Leg Off, Game On a remarkable feat
Published 29/02/2016 | 02:30
In as much as it's possible to judge a dog's emotions, Chisel, a nine-year-old golden Labrador, seems happy enough and he shuffles into the yard even though, when he looks down his nose, he'll see only one leg at the front where there should be two.
Three years ago, Chisel chased a postman and was hit by a car shattering his front right leg which meant either a bill of €3,000 to reconstruct the leg, or one of €300 to amputate it. Craig Dowling, his owner, took the latter option.
Dowling was born with Fibular Hemimelia, which meant that the fibula bone in his lower leg didn't form and he reckons, at last count, he has had 19 different legs starting at the age of three. As a one-legged man, he'd be well placed to make the best decision for his three-legged dog.
"We thought that life as an amputee isn't too bad," he says of the options Chisel faced. "He's fine now, not a bother on him. And he still chases the postman."
Chisel only has a short cameo in the documentary 'Leg Off, Game On' to be screened on Wednesday night (11.30) on RTE One but, as a striker on the Irish Amputee football team, Dowling is among a group of remarkable characters which the documentary follows to the World Cup in Mexico.
It's a story about a group of athletes from differing backgrounds striving towards a goal and dedicating nine months of their lives towards getting there.
"It's not enough to say 'I'd like to play in the World Cup', or 'I like playing that game'," explains High Performance Coach Alan Heary in a room at UL where the team spend their training weekends.
"You've got to absolutely want it with every fibre in your body. And you've all done it before. You've all faced adversity where you've had to say 'I want to play football, even if I have to play it on crutches."
On his first day, midfielder Alan Wall expected "a few lads leaning on their crutches kicking the ball to each other" and was stunned at the intensity levels. A couple of years on and Heary's training drills are putting them through the wringer.
One involves the players lying flat on their stomachs and, when called, rising to their foot - as opposed to feet - and sprinting on their crutches to a marker; then there's the bleep test, agility drills and strength work.
All of which is done, before a ball is even introduced into the mix and in such an intense environment, the honeymoon period where everyone is consistently just happy to be there, doesn't last long.
"At first there was lots of 'well done' and a bit of mollycoddling but that goes pretty quickly," explains striker Mandy King, who will become the first female to play at an Amputee World Cup and is also a coach with the junior squad.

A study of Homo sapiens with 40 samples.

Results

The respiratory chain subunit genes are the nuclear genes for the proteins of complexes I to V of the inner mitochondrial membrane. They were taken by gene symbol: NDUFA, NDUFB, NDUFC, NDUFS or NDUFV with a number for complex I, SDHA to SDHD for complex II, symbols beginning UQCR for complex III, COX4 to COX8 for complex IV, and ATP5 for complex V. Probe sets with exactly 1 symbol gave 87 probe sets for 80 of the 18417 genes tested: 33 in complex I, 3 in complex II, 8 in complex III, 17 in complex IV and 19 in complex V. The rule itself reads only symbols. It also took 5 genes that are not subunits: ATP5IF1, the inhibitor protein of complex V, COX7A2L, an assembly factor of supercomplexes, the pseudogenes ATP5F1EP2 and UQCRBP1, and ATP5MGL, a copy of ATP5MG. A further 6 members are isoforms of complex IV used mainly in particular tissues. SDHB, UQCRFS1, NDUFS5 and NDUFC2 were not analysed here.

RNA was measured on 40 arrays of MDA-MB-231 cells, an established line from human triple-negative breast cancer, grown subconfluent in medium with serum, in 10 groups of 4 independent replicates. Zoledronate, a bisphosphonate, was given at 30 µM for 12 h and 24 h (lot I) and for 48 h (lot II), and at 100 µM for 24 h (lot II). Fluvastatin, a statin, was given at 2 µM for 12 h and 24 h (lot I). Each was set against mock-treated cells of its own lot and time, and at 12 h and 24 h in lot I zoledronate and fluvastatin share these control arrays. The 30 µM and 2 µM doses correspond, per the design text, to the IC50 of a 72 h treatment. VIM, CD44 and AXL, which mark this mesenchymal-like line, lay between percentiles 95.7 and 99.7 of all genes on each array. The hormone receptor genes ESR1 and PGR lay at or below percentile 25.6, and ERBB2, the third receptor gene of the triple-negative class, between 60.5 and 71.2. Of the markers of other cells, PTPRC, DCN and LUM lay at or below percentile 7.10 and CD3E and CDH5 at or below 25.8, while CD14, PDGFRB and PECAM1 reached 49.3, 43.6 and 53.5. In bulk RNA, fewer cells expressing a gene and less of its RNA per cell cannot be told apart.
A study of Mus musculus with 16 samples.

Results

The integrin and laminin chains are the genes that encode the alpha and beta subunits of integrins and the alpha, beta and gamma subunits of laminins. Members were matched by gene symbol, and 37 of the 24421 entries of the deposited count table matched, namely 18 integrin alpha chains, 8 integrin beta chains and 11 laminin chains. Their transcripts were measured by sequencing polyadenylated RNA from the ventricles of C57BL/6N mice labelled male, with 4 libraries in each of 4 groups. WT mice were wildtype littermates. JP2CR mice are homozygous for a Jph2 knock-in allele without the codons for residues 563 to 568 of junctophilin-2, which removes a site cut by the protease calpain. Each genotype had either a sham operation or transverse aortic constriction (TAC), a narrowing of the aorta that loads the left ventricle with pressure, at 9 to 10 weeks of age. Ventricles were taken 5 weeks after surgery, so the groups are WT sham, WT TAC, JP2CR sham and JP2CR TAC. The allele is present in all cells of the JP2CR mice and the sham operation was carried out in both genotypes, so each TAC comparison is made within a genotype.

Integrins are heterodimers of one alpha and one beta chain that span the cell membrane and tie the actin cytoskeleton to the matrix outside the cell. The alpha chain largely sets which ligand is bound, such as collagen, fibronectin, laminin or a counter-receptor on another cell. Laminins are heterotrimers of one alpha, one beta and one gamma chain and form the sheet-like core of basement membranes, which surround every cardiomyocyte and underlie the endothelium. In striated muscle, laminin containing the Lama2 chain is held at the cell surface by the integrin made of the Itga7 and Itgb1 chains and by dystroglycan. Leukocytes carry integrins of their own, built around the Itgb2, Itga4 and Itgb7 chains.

King first realised there was something wrong with her leg when she couldn't fasten boots over her calf and it turned out to be cancer.
After two weeks of chemotherapy, she was told it would have to be amputated.
But like several others, there is a remarkable openness about King in how she discusses the emotions around her situation and the direction which playing football has given her.
"If somebody told me now 'We're going to give you your leg back but you'll have your old life back', I'd say no," she adds without a hint of doubt.
It's a similar view held by Dave Saunders who had bone cancer when he was 11 and, in his first year in secondary school had to have his leg amputated above the knee, having already represented his county in athletics and played virtually every sport that was available to him as a child.
Like King, Saunders doesn't hold back in explaining his feelings because, he says, he held back for so long. "It (the football) has certainly helped me to be more comfortable with my disability. I would have been quite private about the fact that I was an amputee and if people didn't have to know, I wouldn't tell them," he said.
"I'd make a quick calculation - 'does this person need to know?' - and if they didn't I'd just say I hurt my knee playing football. I've done that thousands of times.
"But since meeting the rest of the lads and playing - it's not that you show it off or anything - but it's like 'this is the way I am' and you're proud of it. And I wouldn't change it either.
"I think it has totally shaped the way I am as a person as well. I don't think I'd be as rounded if I hadn't lost my leg."
The side is captained by team founder Simon Baker and coached by Christy McElligott, who at half-time in a warm-up match demands that the players "treat the ball like your missus and protect it". It is, as Baker puts it, "no place for violins" although, as the journey concludes Baker's emotions bubble over with pride at how far each of them have come - and his thoughts of retirement are put on hold.
Midfielder Wall - who was able-bodied until he fell off a 25 feet high wall, shattered his legs and subsequently lost one of his legs after contracting MRSA - dislocated his shoulder at the World Cup which meant he couldn't used his crutches and consequently required a wheelchair to get around. On the list of issues which have affected this team, it is pretty minor.
"I was out of training for nearly two months and the wheelchair was wrecking my head," adds Wall. "If I didn't have this team, my head would be all over the place. When people see our football, they always say 'I couldn't believe how fast you are' and ask us how we do this and that. I just say 'cut your leg off and find out'."